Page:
You won’t attend many vocal recitals where the singer’s costume changes are an integral part of the program, but that was the case with mezzo-soprano Nikola Printz’s dazzling Schwabacher recital on March 15, 2022. The recital had a name: “En Travesti” (“dressed as a member of the opposite sex for a theatrical role”), and if you’re thinking of all the operatic pants roles that are traditionally sung by mezzos, you’d start to approach the truth of this recital.
Those costume changes mirrored the construction of the recital, which Printz characterized in the printed program notes as a “three-part journey through exploring gender diversity and expansiveness.” The entire recital, and the songs performed, expressed how Printz has come to understand themself as a nonbinary person.
You also won’t see many recitals with the sheer stylistic range of this one, all of it performed with full-throated vocalism and raw emotional honesty. Printz can scale their rich mezzo up for an operatic climax or down to a fine thread of sound, with an astounding range of color. It was the kind of recital you want to hear all over again, if not immediately, then in a week or two or three.
The first part of the program, called “La Premiere Femme” (The first woman), addressed the more feminine side of life. For this section, Printz wore a flouncy white dress, short and strapless, with bright red shoes. The Barbara Strozzi song “Lagrime mie” (My tears), performed with Jon Mendle on theorbo, is a dramatic lament with a highly decorated melodic line, full of slides and trills and grace notes. It’s addressed to the singer’s tears, because the young woman the singer loves is trapped at home by her overprotective father. And the work takes on a notably queer edge when performed by a nonbinary singer wearing a dress.
Rossini’s charming trio of songs, “La regata veneziana” (The Venetian boat race), takes a more traditional turn, as a young woman, Anzoleta, watches her lover, Momolo, row in a boat race that he eventually wins. Printz performed these as a tiny monodrama, with every emotion Anzoleta experiences visible on her face and in her body. You could practically see the Venetian lagoon and feel the sun on the water. For this and the majority of the program, collaborative pianist Erica Xiaoyan Guo joined Printz, and the two worked together as if one, though all the changes of style and period.
Printz introduced the final two songs in this section from the stage, noting that they intended the pair to be in dialogue with each other. These were Alma Mahler’s “Licht in der Nacht” (Nocturnal light) and David Lang’s “I was a woman,” from the opera prisoner of the state.
In the Mahler, chromatic and intense, a light shines and is then extinguished; in the Lang, a person sings of how things were, once, when they were a woman, which they are presumably not now: very much a part of the gender journey in Printz’s life. Pianist Guo closed the section with a marvelously flexible reading of Louise Farrenc’s filigreed Étude in F-sharp Minor, Op. 26, no. 10, the kind of playing that makes you want to hear more of both performer and composer.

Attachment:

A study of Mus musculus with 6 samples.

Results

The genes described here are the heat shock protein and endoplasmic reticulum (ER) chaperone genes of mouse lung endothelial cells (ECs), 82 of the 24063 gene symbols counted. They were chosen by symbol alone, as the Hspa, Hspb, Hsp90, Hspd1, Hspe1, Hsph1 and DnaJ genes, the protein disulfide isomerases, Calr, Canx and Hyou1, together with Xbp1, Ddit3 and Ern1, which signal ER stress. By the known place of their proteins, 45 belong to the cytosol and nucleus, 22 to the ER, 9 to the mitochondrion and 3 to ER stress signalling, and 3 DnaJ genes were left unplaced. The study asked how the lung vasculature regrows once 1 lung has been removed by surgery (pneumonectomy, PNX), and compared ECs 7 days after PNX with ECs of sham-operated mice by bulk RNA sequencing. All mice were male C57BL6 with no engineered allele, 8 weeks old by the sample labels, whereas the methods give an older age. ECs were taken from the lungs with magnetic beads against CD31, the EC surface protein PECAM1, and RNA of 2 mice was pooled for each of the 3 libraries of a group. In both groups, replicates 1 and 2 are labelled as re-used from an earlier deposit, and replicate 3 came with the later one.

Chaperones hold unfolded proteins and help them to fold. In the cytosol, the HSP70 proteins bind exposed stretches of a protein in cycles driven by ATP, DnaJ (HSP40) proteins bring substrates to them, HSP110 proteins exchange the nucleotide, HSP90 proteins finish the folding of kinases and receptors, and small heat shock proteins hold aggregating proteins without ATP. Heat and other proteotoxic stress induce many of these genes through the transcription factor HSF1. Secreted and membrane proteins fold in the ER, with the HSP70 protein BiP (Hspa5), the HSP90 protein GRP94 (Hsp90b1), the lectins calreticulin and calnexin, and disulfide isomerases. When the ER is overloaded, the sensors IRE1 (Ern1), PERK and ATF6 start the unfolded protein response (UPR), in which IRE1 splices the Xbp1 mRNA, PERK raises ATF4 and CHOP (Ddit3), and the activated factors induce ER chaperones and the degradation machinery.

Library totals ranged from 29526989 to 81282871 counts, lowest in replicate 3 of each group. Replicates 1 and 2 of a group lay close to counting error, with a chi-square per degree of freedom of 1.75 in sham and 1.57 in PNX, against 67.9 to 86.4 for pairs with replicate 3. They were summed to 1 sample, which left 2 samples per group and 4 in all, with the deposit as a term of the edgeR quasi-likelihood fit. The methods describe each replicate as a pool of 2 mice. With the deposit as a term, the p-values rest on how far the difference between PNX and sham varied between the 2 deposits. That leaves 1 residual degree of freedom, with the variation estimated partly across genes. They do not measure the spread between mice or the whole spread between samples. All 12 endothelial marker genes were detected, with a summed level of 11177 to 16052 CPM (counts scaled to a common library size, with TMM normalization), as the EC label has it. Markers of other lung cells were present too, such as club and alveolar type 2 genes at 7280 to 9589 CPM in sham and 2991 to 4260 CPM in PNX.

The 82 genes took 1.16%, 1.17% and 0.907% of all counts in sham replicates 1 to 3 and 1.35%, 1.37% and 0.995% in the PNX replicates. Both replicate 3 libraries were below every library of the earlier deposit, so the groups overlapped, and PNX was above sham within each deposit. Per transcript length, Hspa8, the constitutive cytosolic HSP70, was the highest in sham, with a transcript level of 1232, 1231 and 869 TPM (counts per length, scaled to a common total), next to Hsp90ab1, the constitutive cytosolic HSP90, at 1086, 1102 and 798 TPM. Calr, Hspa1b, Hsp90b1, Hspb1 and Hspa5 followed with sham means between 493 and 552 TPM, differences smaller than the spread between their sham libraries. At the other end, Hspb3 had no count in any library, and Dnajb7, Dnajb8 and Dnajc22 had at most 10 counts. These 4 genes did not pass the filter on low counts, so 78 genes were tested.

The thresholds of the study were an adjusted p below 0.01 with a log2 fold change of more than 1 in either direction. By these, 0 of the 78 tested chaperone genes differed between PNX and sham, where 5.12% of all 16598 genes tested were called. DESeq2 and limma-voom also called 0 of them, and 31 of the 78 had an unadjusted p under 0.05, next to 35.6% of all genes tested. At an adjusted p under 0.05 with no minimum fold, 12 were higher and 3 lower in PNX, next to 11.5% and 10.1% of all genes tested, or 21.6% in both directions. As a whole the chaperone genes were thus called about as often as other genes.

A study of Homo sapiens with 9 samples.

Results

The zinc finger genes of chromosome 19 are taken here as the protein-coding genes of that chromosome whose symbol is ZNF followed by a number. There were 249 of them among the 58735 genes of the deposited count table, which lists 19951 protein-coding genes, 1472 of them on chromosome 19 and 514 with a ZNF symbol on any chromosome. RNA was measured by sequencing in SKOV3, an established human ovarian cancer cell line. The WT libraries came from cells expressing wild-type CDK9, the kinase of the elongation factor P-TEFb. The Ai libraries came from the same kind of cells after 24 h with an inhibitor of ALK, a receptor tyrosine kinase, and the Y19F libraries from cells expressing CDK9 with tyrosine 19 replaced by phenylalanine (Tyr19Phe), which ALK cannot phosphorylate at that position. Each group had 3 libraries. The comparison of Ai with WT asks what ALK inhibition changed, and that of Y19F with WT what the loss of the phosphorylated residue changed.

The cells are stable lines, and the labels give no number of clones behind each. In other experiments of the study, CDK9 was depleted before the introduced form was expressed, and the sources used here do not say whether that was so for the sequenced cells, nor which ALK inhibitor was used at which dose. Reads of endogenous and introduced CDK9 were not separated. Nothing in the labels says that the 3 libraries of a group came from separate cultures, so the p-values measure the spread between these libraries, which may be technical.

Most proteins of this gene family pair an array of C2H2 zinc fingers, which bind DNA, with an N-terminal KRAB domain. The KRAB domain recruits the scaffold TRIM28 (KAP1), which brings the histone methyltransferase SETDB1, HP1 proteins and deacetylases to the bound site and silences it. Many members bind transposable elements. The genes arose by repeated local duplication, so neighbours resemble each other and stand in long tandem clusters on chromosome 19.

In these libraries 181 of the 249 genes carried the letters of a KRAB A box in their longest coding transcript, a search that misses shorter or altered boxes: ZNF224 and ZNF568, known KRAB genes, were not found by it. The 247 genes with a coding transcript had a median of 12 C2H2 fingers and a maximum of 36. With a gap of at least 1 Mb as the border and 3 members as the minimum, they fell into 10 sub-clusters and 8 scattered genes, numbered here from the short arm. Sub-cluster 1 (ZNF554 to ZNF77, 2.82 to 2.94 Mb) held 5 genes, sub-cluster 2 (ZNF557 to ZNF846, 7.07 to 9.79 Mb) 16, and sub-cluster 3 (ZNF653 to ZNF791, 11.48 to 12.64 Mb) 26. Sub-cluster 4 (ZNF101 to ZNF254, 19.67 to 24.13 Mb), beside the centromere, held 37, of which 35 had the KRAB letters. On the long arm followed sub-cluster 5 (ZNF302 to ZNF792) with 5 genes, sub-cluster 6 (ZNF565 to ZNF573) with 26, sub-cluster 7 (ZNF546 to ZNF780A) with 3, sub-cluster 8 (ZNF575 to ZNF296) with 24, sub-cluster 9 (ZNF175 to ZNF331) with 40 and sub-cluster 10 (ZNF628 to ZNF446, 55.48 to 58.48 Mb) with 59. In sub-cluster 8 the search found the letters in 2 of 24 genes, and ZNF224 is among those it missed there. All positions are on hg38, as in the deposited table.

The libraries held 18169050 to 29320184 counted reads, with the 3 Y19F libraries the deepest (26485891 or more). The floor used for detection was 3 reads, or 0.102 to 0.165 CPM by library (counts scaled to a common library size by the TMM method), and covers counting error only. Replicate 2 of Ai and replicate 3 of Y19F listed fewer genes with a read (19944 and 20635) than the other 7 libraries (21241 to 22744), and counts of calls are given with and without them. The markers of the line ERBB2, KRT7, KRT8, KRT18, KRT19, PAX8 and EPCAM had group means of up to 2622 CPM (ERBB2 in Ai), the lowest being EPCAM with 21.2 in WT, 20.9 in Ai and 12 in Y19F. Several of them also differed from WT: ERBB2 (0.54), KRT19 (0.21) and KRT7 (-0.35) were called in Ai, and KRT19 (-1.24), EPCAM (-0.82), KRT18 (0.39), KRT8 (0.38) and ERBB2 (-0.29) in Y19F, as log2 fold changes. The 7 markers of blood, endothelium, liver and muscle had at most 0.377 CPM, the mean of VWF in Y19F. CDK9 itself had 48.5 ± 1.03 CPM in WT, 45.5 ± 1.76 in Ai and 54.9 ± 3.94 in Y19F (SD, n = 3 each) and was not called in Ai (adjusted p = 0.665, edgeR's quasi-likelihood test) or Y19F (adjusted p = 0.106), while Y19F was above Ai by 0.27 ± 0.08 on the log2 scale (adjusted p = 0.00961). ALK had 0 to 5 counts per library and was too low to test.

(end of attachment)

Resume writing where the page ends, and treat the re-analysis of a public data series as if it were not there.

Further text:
For the second part of the program, “Un Ballo in Masculine-era,” an expression of masculine energy and vitality, Printz changed into black slacks, vest, and tailored jacket over a plaid shirt, with patent-leather shoes. Printz opened with a set of brief, witty, songs by Ned Rorem, teasing and flirting with the audience all the way.
Printz remarked that they could see themselves singing to friends with a guitar, and so Mendle returned with a 19th-century guitar for a pair of Schubert songs: “Ständchen” (Serenade) from Schwanengesang, and “Der Leiermann” (The hurdy-gurdy man), the grim conclusion of Winterreise. These received breathtaking performances of great concentration, with the scale of the guitar’s sound adding to the intimacy of the experience.
Special kudos to Mendle for this and for his plaintive, ruminative contribution to the Strozzi; you couldn’t tell that he joined the program with only 24-hours’ notice. The section closed with two impassioned Spanish songs, Agustin Lara’s “Aquel Amor” (That love), about life-destroying love, the other Facundo Cabral’s “No Soy de Aquí” (I’m not from here), about rootlessness and identity. The latter closes the text “... and being happy is the color of my identity,” which Printz quoted in their written program notes.
For their last act, called “Neutrois” (Gender neutral), Printz changed back to the strappy red heels, this time with an androgynous black, backless pantsuit and a hot pink jacket that they shed a number or two in. The set opened with three large-scale, operatic songs by Korngold that taken together express a mood of hope, perhaps an answer to the gloom of “Der Leiermann” and “I was a woman.”
Britten’s sly and surprising “Cabaret Songs,” to texts by W.H. Auden, formed the core of the set. They’re far more louche and bluesy than you’d expect from Britten, and all the more delightful for that. Printz gave each of them a positively slinky air. These songs certainly wouldn’t have been out of place in a cabaret.
At the end of the recital, having already shed their jacket, Printz took off their shoes and settled onto the piano bench, providing the accompaniment for Prince’s “Nothing Compares 2 U” and “How Come U Don’t Call Me Anymore.” For these numbers, they changed the coloration of their voice completely, to a more pop-oriented sound — and for “Nothing Compares 2 U,” they invited the audience to sing along.